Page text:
In 2008 the UK voted into legislation a target to reduce carbon dioxide emissions by 80% by 2050 compared to a 1997 baseline. At the same time the EU has agreed targets for all member states. These are 20% renewable energy, 20% energy efficiency and 20% carbon emission reductions all by 2020. These are to be achieved across the EU as a whole, which allows some local variation to occur. Germany and the Scandanavian countries, for example, are much further forward with these policies than many other countries.
The big policy question in a country like England, is how best to achieve these results. There are many options, but because of the scale of the activity required there are no easy options. Should we take a scattergun approach and aim to get many initiatives started? Spreading the risk of failure as widely as possible? Or should we aim to do a few very big things and risk that if one of them fails to get off the ground we might miss the target by a kilometer.
One of the ‘big things’ that is planned already is to increase our wind energy generation capacity by a factor of eight. Much of this is already in the planning system, both on and offshore. There are big risks with this approach because these are being dealt with under the creaking UK planning system, which is generally anti-development. There have already been a number of wind farms that have been refused for one reason or another. There may have been good reasons from a local perspective, but they were bad results from a national perspective.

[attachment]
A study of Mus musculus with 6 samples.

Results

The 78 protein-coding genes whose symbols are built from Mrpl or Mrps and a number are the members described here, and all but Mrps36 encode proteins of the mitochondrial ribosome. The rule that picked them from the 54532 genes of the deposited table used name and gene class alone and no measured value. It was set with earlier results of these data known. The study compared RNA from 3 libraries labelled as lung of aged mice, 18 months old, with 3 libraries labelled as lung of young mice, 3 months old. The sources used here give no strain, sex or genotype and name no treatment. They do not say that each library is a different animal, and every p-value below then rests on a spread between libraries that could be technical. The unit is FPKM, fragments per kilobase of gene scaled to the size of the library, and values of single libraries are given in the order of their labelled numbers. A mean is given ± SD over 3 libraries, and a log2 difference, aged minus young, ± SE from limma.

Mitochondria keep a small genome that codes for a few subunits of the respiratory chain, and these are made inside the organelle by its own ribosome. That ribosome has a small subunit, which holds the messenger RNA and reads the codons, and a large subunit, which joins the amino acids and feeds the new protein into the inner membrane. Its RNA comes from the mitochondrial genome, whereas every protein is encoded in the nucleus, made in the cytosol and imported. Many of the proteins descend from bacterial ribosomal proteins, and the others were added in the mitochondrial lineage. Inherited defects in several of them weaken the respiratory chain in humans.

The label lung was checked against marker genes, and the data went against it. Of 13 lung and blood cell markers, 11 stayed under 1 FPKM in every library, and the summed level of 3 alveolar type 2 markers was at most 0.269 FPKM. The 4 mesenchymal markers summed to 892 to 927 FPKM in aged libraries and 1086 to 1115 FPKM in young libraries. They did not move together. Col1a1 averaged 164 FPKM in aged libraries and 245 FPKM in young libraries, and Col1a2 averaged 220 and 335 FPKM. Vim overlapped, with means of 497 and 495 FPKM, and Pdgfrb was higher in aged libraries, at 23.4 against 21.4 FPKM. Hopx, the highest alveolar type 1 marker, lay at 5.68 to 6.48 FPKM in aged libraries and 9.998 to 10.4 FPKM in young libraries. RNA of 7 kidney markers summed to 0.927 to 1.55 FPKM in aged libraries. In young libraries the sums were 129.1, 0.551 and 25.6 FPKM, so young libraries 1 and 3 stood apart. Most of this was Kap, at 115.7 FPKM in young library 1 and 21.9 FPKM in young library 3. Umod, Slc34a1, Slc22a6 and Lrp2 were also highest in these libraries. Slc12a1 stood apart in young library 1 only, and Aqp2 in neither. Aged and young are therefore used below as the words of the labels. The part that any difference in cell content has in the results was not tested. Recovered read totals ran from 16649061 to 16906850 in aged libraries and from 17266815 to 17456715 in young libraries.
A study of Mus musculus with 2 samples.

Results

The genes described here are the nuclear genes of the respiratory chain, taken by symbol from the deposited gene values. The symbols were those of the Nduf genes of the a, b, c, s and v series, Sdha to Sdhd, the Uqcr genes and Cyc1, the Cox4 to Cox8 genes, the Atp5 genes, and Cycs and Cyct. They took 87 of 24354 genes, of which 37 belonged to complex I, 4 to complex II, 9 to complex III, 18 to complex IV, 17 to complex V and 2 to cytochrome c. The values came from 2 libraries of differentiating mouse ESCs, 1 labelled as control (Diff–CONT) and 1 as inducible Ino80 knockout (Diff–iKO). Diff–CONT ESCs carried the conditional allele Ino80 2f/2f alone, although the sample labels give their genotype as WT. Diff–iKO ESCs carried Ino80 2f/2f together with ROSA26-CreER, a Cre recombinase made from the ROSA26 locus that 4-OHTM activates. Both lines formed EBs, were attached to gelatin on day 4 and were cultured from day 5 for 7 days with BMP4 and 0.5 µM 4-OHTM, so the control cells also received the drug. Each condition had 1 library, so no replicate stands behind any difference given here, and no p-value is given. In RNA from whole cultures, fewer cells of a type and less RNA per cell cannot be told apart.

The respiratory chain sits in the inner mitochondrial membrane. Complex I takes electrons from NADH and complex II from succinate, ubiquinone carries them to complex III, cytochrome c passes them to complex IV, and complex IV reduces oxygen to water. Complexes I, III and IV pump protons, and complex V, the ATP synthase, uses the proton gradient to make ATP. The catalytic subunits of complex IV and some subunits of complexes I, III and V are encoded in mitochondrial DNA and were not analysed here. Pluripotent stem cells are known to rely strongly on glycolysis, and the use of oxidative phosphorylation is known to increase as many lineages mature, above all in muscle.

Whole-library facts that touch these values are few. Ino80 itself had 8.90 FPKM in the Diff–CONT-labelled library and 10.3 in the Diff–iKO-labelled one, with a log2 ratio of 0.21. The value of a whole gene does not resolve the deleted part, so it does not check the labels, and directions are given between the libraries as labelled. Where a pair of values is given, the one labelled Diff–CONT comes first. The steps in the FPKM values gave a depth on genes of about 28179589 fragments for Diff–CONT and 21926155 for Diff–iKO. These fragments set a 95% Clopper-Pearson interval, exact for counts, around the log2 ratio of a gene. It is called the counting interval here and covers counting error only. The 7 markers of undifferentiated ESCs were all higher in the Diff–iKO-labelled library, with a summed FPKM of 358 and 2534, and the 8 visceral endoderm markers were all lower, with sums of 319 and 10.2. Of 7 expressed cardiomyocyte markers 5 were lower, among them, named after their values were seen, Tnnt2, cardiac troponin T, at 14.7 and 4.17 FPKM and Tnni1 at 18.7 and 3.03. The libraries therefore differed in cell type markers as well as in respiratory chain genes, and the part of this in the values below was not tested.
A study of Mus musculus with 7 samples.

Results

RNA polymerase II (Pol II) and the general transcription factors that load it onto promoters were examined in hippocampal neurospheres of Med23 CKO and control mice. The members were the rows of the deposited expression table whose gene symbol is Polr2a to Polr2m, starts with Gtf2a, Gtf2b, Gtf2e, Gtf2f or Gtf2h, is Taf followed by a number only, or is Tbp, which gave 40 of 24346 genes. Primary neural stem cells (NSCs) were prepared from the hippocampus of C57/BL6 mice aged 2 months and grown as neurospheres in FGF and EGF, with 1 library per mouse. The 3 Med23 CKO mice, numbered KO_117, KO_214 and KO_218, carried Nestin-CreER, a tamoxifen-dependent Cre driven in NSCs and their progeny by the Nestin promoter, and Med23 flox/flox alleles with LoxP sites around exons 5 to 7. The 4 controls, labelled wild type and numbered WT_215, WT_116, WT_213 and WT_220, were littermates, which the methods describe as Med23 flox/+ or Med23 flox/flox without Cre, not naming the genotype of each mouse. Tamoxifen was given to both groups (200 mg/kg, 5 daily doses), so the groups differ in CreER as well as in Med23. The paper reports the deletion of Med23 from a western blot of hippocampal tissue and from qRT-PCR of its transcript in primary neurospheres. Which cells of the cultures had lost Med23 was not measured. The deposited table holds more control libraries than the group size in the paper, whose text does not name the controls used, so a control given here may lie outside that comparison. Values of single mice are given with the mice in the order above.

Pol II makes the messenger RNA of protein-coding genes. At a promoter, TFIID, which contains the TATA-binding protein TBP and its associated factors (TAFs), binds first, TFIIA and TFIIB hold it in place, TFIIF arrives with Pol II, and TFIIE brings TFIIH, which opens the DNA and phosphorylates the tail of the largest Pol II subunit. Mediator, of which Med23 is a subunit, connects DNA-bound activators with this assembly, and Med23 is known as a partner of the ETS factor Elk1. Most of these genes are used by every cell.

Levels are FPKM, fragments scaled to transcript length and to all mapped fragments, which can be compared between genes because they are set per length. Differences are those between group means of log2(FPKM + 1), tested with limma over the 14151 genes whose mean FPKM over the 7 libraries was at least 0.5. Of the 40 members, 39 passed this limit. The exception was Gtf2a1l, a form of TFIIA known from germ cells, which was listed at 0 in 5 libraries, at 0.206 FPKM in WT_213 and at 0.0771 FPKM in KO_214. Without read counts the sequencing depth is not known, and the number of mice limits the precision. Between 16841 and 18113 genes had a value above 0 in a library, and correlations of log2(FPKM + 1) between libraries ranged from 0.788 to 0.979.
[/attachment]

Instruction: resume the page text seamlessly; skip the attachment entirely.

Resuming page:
This troubled history of major infrastructure projects is one of the reasons for the formation of the Infrastructure Planning Commission, due to come into operation in 2009/10. The idea behind the IPC is that it will be the body that deals with issues of national importance that have historically been delayed by local opposition. New nuclear power stations is an example. These are unlikely to be acceptable to any local planning authority, but they seem to be almost certain to be built. Without them we would be forced to build more fossil fuel burning power stations than we already have. Nuclear appears to be the lesser of two evils. I remain to be convinced.
Interestingly, the Conservative Party has said that if they come into power they will scrap both the IPC and the Regional Development Agencies. Thus in one stroke removing all strategic planning bodies in the UK at the time when we need them most. Without strategic planning we will certainly fail to meet our renewable energy targets for 2020, and consequently will be unlikely to meet the 2050 target too.
A cynic would say that this is straightforward vote getting on the Tories part, local democracy is popular by definition. It will be interesting to see how this one runs. Without the steering power of the IPC it appears to be unlikely that the decarbonisation (ugly word!) of the UK grid can be implemented quickly.
The option remains to go for lower scale neighbourhood projects, like CHP schemes, and widespread upgrading of existing building stock. These can only be dealt with by local planning, and the scale of the work required is such that any local authority would be swamped with queries for the next 40 years if such work is to require planning or building control approval. That doesn’t sound like a reasonable route to success either.
What lies at the root of both sets of issues is the strength of local opposition. Here in the UK we have one of the best educated populations on the planet, yet this same population seems incapable of mobilizing itself to support projects which have some local negative impacts but which are beneficial to the country, and the world, as a whole. Instead, the focus of local activity is almost universally allied against development of any kind, so the planning system we have developed here supports that view.
The counter to local opposition is local leadership. No amount of well meant editorial, soundbites and interviews will change the hearts and minds of people who have decided to oppose development. The voice of local community leaders has more resonance than any others, so if we want local development to take place, the leaders are the people we need to speak with an informed voice.